The aim of “Evaluation of Quality and Impact at SLU” was to examine how SLU research and Environmental Monitoring and Assessment stand in an international perspective, and to elucidate synergies between them. The evaluation was to provide SLU with a basis for strategic decisions at various levels throughout the university.
Q&I comprises, on the one hand, an assessment of academic quality and relevance through peer reviews and, on the other hand, an analysis of utility from the perspective of users. A utilitarian evaluation of this type is unique and has never before been carried out at any university in Sweden. It was performed by SLU stakeholders, such as businesses, governmental authorities, and interest organizations.
“We have been provided with a good instrument for decisions about the future,” comments SLU Vice Chancellor Lisa Sennerby Forsse.
“We have also defined four strategic research fields where we intend to enhance collaboration: on the one hand, between the university’s faculties and, on the other hand, with researchers from other institutions, in Sweden and abroad. They are – besides Future Forests, which is an interdisciplinary research program that is already in progress – Future Agriculture, Future Animal Health and Welfare, and Man in the Future Environment. Within these new areas, there will be scope for both basic research and interdisciplinary projects,” says Lisa Sennerby Forsse.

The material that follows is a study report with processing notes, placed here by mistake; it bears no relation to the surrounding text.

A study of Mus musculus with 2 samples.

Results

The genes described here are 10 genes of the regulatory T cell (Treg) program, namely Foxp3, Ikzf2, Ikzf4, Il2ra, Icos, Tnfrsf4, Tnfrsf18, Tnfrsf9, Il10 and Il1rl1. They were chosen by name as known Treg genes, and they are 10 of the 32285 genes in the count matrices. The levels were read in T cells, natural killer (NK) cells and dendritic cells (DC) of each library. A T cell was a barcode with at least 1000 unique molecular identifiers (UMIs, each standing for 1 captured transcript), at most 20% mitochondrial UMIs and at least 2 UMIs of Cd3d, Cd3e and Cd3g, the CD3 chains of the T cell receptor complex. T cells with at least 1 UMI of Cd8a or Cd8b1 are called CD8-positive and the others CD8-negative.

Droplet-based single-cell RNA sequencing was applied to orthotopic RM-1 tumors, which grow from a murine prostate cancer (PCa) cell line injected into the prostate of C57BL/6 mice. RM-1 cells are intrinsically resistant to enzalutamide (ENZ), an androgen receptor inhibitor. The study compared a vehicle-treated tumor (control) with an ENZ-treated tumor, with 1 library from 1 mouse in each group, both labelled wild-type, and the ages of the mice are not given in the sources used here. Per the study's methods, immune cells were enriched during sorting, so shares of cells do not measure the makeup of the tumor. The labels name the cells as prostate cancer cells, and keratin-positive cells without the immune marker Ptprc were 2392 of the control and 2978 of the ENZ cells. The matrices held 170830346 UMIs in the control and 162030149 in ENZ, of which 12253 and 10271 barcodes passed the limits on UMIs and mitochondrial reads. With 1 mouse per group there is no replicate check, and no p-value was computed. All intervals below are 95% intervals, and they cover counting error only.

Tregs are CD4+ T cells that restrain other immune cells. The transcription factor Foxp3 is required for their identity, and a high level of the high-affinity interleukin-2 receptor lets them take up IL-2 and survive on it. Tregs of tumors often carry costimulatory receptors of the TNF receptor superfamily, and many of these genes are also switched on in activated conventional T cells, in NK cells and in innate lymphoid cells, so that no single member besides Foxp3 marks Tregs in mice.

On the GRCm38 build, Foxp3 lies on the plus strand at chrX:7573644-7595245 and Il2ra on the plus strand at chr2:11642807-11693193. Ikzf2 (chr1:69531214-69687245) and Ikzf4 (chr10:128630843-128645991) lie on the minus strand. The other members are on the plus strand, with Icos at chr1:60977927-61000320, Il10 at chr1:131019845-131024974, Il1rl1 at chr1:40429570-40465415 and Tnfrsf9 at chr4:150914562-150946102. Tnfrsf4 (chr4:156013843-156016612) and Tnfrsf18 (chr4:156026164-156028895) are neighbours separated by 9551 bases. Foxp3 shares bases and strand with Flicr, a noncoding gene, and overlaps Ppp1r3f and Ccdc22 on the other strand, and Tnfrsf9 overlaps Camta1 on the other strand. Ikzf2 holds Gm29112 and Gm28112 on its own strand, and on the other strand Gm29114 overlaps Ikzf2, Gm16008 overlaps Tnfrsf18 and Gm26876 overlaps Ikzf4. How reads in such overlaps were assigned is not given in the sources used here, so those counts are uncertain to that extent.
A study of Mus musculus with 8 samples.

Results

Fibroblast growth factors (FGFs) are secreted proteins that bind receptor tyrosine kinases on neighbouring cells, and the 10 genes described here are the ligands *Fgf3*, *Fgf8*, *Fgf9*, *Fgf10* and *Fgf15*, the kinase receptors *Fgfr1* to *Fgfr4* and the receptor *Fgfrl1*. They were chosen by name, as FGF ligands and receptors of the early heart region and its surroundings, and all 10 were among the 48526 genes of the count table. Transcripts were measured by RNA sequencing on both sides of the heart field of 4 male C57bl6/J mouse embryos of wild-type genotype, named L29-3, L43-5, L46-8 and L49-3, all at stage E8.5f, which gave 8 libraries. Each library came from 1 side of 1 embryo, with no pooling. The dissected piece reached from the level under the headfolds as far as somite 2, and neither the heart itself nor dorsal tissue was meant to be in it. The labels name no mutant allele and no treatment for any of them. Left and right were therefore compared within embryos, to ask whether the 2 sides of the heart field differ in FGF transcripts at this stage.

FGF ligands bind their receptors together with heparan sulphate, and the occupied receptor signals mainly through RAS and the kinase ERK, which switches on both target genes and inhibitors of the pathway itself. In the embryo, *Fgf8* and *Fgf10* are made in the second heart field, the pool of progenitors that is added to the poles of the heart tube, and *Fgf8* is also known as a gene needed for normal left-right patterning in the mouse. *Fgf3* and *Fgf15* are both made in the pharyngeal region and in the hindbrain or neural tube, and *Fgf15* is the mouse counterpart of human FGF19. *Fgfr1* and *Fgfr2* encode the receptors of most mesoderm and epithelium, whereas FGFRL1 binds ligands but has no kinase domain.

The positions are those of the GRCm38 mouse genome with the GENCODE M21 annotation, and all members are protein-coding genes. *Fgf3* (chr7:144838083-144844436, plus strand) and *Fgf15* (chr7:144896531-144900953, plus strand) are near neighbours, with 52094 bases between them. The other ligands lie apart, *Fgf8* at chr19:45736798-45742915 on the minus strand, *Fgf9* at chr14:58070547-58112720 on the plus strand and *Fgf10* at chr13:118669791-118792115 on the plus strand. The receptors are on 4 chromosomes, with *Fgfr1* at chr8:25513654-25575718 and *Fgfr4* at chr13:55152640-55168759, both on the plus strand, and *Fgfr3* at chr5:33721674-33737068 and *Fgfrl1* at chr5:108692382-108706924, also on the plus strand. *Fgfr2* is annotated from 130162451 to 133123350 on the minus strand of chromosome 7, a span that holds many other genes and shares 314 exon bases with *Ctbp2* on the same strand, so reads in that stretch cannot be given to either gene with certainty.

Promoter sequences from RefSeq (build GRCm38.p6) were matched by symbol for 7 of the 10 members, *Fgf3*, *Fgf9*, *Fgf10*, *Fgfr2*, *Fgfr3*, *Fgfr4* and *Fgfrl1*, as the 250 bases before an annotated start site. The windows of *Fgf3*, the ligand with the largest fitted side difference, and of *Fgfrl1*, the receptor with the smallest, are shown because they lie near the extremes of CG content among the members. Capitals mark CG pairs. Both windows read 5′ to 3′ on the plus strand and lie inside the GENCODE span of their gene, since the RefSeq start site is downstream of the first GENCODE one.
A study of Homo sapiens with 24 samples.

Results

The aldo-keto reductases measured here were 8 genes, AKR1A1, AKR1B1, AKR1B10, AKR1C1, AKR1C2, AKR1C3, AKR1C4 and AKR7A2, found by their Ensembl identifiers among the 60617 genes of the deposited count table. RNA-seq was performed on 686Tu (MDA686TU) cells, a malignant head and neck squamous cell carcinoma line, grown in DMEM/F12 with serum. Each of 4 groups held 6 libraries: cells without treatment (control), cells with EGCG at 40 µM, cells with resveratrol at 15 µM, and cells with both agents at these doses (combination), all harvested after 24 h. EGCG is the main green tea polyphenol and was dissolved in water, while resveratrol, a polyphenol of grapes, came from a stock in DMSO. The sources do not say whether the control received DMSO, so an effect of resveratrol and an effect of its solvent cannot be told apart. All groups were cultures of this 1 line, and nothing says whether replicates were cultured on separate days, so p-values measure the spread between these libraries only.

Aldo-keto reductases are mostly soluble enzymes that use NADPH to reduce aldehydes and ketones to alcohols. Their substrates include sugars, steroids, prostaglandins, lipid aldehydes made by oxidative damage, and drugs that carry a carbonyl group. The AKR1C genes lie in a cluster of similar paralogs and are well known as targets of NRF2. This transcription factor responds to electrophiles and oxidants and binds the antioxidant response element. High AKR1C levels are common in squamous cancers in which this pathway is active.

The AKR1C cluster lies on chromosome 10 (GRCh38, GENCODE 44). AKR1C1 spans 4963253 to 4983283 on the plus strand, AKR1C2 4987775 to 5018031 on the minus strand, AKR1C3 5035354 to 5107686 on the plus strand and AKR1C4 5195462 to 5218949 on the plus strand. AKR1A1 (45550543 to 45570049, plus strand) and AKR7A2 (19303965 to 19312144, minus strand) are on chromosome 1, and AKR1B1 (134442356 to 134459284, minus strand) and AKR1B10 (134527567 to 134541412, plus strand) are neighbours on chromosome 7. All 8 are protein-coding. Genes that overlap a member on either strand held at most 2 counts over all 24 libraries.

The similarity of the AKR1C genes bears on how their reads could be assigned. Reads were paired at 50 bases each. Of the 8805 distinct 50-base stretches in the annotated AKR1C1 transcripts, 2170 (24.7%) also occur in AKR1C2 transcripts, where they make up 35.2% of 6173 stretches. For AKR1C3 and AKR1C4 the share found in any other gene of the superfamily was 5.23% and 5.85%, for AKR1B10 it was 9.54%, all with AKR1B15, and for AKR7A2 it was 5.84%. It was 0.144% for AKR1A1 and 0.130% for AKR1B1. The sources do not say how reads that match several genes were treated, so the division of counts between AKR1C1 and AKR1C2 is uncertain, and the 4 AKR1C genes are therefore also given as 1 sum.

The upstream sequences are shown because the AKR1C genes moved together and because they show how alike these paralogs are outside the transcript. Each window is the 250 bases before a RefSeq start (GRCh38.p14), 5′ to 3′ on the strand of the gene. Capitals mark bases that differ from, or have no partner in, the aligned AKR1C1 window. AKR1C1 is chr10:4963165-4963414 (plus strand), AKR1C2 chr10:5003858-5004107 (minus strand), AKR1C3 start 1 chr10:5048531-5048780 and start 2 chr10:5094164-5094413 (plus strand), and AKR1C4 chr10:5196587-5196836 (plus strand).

World-leading research teams
In terms of academic quality, 67 percent of the research groups are at least “internationally recognized” in standard, and 7 percent, eight research units, are judged to be world leaders in their field.
Weighing together all assessment criteria, SLU’s strongest research areas are:
“Plant Science,” “Plant Protection”, “Ecology and Environmental Sciences,” “Chemistry, Molecular Biology, and Microbiology,” “Forest Management and Products,” and “Genetics and Breeding.”
High level of knowledge and integrity
The assessment of utility showed that SLU is perceived as an independent organization with great integrity, offering a high level of knowledge and constituting an important recruitment base for stakeholders. SLU’s utility is deemed to be great, and collaborative projects between businesses and various research teams function very well in most cases. Weaknesses mentioned are that SLU is not visible enough in society and that its research focuses too much on problems and too little on solutions.
One example that SLU is now strengthening its capacity to collaborate with other institutions and activities, both in Sweden and abroad, is that a special deputy vice chancellor has been appointed to oversee collaboration issues, Professor Johan Schnürer. Moreover, dedicated posts to deal with external contacts at the research level will be created this spring.